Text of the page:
What was supposed to be a quick trip, down and back, for hurricane relief for Puerto Rico, quickly changed into a three-day, 7,000-mile trek.

Air Force reservists from San Antonio's 433rd Airlift Wing left the city early Saturday. Their first stop was Colorado Springs, where they loaded two fuel tankers, a mobile command vehicle and large pallets of containers with supplies on a C-5M Galaxy aircraft.

Sunrise Sunday found this San Antonio crew of Citizen Airmen ready to lift off with 161,000 pounds of life-saving supplies. Pilot Peter Stipetech said the unit had no trouble finding team members willing to join this mission.

"Everyone was coming out of the woodwork to help as quickly as possible," Stipetech said.

Stipetech, who is serving in the 433rd like his father did, said choosing the local unit was a natural fit.

"I always wanted to fly," Stipetech said, while the C-5 cruised over the Gulf of Mexico at more than 30,000 feet and moving at more than 500 miles per hour.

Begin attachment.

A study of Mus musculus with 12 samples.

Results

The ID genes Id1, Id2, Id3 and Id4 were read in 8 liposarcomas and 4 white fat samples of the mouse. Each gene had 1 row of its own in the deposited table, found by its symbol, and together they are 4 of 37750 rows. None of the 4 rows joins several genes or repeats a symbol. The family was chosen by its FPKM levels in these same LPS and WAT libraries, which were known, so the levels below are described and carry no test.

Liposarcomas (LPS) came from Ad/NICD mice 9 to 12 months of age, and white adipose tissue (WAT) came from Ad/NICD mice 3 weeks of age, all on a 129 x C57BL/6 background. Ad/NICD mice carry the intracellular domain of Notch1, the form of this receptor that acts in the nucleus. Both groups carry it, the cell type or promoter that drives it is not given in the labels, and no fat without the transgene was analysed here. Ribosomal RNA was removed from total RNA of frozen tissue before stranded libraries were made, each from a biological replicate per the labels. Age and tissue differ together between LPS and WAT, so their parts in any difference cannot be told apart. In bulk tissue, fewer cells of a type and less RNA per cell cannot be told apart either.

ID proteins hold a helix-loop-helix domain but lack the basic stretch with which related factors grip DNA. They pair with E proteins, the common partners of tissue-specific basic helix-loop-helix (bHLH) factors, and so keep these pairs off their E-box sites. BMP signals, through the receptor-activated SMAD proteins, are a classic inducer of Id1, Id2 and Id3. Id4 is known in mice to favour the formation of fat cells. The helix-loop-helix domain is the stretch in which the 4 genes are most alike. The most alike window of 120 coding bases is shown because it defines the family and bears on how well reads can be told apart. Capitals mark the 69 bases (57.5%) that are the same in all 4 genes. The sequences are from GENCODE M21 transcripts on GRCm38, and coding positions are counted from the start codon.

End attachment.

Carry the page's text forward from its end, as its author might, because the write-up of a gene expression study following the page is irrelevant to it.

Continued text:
"The best part is traveling around the world with guys who are like family and the humanitarian work is the icing on the cake," he said.

About 2,500 miles from their starting point, the team landed in storm-battered Puerto Rico, where the landscape is a uniform muddy brown mess, with virtually all the vegetation stripped from the trees.

"We're now going into an airport that's been closed for years," Stipetech said.

Their destination, a storm-tattered old airfield that is now roaring with relief efforts.

While some worked to muscle the rescue pods of relief off the C-5, nearby, a C-17 arrived with more supplies and Blackhawk helicopters buzzed the field as well.

"We're doing what needs to be done to get these guys supplies and equipment to bring Puerto Rico back as quickly as possible," Stipetech said.

Loadmasters predicted the offloading job would be done in two hours and at the hour and 40-minute mark, the last cargo pods rolled away from the plane.

The next stop for the 433rd is Tampa, Florida where Monday's manifest includes another life-saving load of relief.